284w

Introduced in 1963, Winchester’s goal in developing the 284 Winchester was to be able to offer a chambering in its short-action Model-88 and –100 rifles that would approximate ballistics of the 270 Winchester.  In that, it entirely succeeded.

The case is nothing more than the 7.5mm Swiss case necked down, to 28-caliber, with minor changes to body taper, shoulder angle and placement, and length, with the rim turned down from 0.5-inch to 0.473-inch so this new round would work using the same bolt face used in the 243, 308, and 358 chamberings of the Model-88 lever-action and Model-100 semi-automatic rifles.

When first introduced, the gun-writer cadre was entirely enamored with the 284, lauding it as the first of a new generation of superior cartridges that would change hunting rifles forever.  To read and accept what practically every one of them had to say, the 284 was obviously the best thing since sliced bread.  But, the romance soon faded.  When it did, it seemed like overnight they turned on the 284, en masse.


The problem was, the gun-writers of the era were, almost to a man, bolt-action elitists of the first order.  I know of one who refused to even hold a Marlin lever-action 1895 so a colleague could get a picture of it in someone’s hands, even if the holder’s face was not shown and he was not identified.  Elitism at its finest.  Those guys all just knew the only rifle of any merit was the bolt-action, period.

To add to this problem, when the 284 was chambered in short-action guns, overall cartridge length had to be held to about 2.8 inches, which all those gun writers claimed severely limited performance.  This was nonsense but it was stated and repeated until it was a fact, or at least perceived as a fact!

One gun-writer went so far as to damn the 284 because, paraphrasing only slightly here: when chambered in a short-action rifle it will not launch 175-grain bullets as fast as the 270 chambered in a long-action rifle would launch 175-grain bullets if you could get 175-grain bullets for the 270.  But, of course, at that time you could not get such a bullet for the 270!  Obviously, he was irrational and entirely unhinged on the matter and so were most of his colleagues.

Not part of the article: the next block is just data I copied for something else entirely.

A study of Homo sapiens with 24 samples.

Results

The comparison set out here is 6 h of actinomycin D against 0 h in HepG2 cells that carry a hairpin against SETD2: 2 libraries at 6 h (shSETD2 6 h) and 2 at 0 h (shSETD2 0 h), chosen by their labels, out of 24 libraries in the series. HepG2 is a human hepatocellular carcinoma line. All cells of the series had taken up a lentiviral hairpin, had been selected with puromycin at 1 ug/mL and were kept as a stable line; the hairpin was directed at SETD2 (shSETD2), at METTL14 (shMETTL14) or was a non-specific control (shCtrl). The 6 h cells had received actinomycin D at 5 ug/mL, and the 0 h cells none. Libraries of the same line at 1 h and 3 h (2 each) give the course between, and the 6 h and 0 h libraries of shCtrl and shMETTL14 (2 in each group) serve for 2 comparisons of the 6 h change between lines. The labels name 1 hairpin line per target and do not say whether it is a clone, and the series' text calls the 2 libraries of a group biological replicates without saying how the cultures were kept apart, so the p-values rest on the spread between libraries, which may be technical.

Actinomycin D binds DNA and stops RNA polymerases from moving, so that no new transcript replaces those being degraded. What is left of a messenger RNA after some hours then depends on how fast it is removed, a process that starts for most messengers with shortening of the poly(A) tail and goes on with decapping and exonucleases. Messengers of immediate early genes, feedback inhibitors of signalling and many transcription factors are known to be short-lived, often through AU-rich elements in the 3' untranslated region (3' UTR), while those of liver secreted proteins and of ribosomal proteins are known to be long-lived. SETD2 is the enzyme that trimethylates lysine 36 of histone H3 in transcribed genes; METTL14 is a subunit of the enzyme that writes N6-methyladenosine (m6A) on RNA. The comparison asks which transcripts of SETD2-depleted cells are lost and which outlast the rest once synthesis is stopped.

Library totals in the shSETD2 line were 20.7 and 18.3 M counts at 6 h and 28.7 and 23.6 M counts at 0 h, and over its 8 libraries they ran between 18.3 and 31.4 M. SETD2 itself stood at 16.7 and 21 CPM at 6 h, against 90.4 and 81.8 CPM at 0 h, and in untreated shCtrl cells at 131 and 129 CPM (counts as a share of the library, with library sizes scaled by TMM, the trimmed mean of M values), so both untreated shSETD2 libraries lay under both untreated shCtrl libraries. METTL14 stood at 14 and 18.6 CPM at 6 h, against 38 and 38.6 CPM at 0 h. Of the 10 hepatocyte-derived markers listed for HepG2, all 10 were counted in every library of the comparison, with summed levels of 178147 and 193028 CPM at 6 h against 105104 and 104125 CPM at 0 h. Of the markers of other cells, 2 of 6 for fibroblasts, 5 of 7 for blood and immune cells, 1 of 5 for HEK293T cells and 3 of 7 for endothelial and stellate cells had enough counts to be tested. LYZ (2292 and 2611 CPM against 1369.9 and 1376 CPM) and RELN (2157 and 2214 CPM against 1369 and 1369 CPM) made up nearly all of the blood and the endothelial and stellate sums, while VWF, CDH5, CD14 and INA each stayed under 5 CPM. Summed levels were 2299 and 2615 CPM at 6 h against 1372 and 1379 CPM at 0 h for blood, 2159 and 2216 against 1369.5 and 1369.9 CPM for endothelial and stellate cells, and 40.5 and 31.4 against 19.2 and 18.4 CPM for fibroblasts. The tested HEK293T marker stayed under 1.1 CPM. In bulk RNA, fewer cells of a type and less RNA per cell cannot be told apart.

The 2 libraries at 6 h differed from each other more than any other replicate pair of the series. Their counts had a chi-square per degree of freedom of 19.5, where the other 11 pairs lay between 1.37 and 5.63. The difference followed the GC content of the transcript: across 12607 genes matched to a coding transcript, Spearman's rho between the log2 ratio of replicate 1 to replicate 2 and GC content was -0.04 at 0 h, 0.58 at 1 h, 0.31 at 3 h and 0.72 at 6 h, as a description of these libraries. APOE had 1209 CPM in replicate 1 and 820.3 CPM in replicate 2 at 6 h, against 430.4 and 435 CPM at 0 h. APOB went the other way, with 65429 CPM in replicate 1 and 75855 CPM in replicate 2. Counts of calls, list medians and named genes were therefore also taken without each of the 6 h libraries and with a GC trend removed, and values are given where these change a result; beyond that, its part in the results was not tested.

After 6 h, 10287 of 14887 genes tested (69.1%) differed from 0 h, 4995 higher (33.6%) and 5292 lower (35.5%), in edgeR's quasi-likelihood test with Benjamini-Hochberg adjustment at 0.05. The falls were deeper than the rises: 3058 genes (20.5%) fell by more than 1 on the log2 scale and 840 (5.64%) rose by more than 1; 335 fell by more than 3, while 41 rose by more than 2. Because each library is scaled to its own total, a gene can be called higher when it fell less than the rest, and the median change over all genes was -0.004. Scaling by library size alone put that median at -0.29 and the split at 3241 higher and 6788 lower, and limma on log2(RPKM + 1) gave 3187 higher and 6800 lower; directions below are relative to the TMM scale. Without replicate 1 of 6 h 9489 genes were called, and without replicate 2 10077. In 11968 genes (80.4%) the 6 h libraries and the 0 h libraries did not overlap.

As noted, the 284 did exactly what Winchester designed it to do.  It launched 125-grain bullets almost as fast as the 270 launched 130s and it launched 150s just as fast as the 270 launched 150s.  No big-game animal ever harvested would have known the difference.

With bullets of equal terminal-performance capability placed equally well, the 284 did everything the 270 did.  Despite this, while the gun-writers of that era were still widely lauding the 270 Winchester as one of the all-time greats, they dammed the 284 into oblivion as a chambering that was absolutely, unequivocally, and terminally 100% worse than useless.

I suspect if they could have had their way they would have tarred and feathered those involved in ever having the temerity to even consider designing and introducing such a thing!  If you think I am exaggerating, that is only because you did not read or you do not remember what they wrote about the 284, I did and I do.

Too add insult to injury, seventeen-years later, when the 7mm-08 Remington was introduced many of the same gun writers who had worked so hard to kill the 284 lauded the 7mm-08 as a fantastic development.  Consider the following facts: the 7mm-08 was chambered in the same guns the 284 had been or could have been; by a significant margin, the 7mm-08 was ballistically inferior to the 284; and the 7mm-08 suffered even more ballistic deficit with the use of heavier bullets, compared to the 284.  Yet, the 284 was useless and the 7mm-08 was fantastic.

This was a good example to a youngster who had visions of being a gun-writer and I have worked hard my entire life to avoid the same prejudices and pitfalls that led those folks and certainly many of their readers astray.  Nevertheless, I too am human, when you read my work you would be well served to remember that I too can be inconsistent and I can even err!


The text associated with the cartridge description reflects opinions and conclusions of the author, M.L. (Mic) McPherson. Lee Precision and its employees do not necessarily either agree or disagree with any of his comments. We present these with due deference to his recognized expertise in the firearms field. His acumen extends to handloading and all aspects of ballistics - internal, external, and terminal.